Eight Things We Learned at Brooklyn’s Brand-New Museum of Food and Drink

Museum of Food and Drink
Shannon Sturgis for the Museum of Food And Drink

Ever wished you could experience Willy Wonka’s factory? This new interactive museum is for you.

New York City is abuzz about its first Museum of Food and Drink, which opened Wednesday in Williamsburg, Brooklyn. The nascent museum—called MOFAD for short—is calling its launch exhibit “Flavor: Making it and Faking It,” examining the intersection of natural and manufactured flavor.

The space has a sleekly designed but oddball, Alice-in-Wonderland feel: There’s a “smell synthesizer” where you can push a button and smell scents like smoke, or butter, or bananas, or nail polish remover—or all four at once. Long strips of seaweed imported from Hokkaido dangle from the ceiling. Visitors walk about thoughtfully sucking on tablets containing the essence of tomatoes, mushrooms, or salt.

It’s an unusual space, and the founders have designs on eventually having MOFAD be the biggest museum of its kind, and the size of the Metropolitan Museum of Art. Here are a few things we learned about MOFAD.

It came to life thanks to Kickstarter and a 3,200-pound cereal gun called “Puffy”

Enamored of the history of the puffing gun—an early-twentieth-century contraption used to explode cereal into being out of whole grains—founder Dave Arnold and executive director Peter Kim decided to get their hands on one. They, along with program director Emma Boast, needed something splashy with which to launch a Kickstarter campaign and eventually create the brick-and-mortar space. It worked. The crazy-looking contraption was a hit with kids and adults alike.

There are 80 pounds of Manischewitz potato starch on the premises

The edible tablets, which are dispensed from gumball machines, evoke flavors such as “salty” or “umami,” and were carefully constructed by museum staff. The base of each tablet? The most neutral thing the team could find: Manischewitz potato starch.

Your palate will be a hot mess afterwards

After eating tiny tablets flavored with tomato and mushrooms—which together sort of make one vaguely crave Italian food—followed by one of saltiness, and another of vanilla, you may feel a little weird. Especially after traipsing by the grape smell station, where people press buttons to release the smell of grapes into the air. You’ll be walloped by the sensation that you’ve just walked by a pond full of grape juice. “You might need to step away for a minute” afterwards, laughs Kim, before grabbing a bite afterwards.

There’s really good food and drink nearby

Unlike New York’s famed Museum Mile, one can visit MOFAD and not spend a mint on a meal afterwards. Kim likes old-school Lorimer Market for Italian sandwiches, which you can take to nearby McCarren Park and enjoy al fresco, or Krolewskie Jadlo, which dishes out super-satisfying Polish fare, or Kings County Imperial for Szechuan. There’s even a “fancy beer” joint nearby—Torst—and a cocktail bar, Night of Joy, with a solid happy hour. Or check out one of Williamsburg’s best new restaurants, all of which are very affordable.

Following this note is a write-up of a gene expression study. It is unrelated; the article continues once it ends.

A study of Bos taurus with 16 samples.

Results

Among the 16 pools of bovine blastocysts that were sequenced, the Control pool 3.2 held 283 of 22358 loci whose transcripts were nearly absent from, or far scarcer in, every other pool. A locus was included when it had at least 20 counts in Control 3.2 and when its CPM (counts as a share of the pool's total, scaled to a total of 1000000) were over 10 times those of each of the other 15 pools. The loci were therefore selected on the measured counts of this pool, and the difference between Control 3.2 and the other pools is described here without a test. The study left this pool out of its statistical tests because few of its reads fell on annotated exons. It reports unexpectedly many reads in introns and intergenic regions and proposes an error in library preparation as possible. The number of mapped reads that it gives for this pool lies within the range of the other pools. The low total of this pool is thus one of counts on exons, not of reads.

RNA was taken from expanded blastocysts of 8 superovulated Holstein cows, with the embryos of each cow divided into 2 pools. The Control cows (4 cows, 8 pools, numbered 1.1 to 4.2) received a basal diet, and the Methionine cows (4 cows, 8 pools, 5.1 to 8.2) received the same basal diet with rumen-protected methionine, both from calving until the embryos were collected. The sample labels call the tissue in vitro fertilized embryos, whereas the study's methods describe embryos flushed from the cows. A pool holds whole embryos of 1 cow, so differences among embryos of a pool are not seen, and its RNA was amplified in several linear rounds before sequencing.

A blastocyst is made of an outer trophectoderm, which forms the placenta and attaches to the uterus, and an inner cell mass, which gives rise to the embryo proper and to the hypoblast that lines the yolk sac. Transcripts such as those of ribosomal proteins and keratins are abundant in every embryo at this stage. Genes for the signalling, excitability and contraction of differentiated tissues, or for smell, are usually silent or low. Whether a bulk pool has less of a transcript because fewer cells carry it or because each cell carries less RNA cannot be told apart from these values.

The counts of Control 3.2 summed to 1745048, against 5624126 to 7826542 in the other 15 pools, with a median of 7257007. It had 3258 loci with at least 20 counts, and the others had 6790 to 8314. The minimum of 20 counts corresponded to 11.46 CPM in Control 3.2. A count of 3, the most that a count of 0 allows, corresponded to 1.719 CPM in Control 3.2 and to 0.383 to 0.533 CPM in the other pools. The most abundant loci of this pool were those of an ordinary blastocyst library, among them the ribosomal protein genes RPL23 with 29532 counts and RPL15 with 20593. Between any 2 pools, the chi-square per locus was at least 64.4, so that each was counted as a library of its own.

Museum of Food and Drink
Shannon Sturgis for the Museum of Food And Drink

This museum has weirder problems than some do

Asking Kim whether anything went awry at the last minute, we learned that the strawberry “smell machine”—where visitors can sniff and test themselves on whether they can distinguish between natural and artificial strawberry overtones—went on the fritz. Something was “fried” on the electronic level, said Kim, and every time someone went to smell strawberries “all the lights in the place flashed like disco lights.”

Staffers call the smell station the “Wonka Synth”

Kim admits that staffers quietly call the “Smell Synth,” the loopy-looking station where you can press buttons to release any of 19 scents, the “Wonka Synth” in homage to the classic film.

Even breast milk is umami

“Umami” is the Japanese word used to describe something with a super-savory, mouth-watering flavor. Classic examples include tomatoes and mushrooms, which is why the museum has tablets of both. But the compound at play, glutamic acid, is also present in amniotic fluid and breast milk. As a clever MOFAD sign-writer punned: “You could say we learn to enjoy umami long before we can say ‘mommy’.”

You can buy condiments at the merchandise tables

Speaking of umami, our favorite fish sauce—Red Boat, which has gotten expensive and can be difficult to find in New York City—is on sale for a mere $10, right alongside Worcestershire sauce and vanilla extract (both of which make cameos in the exhibit.) If you’re visiting from out of town and don’t want to check fish sauce in your baggage, there are plenty of little magnets and cutesy postcards, too.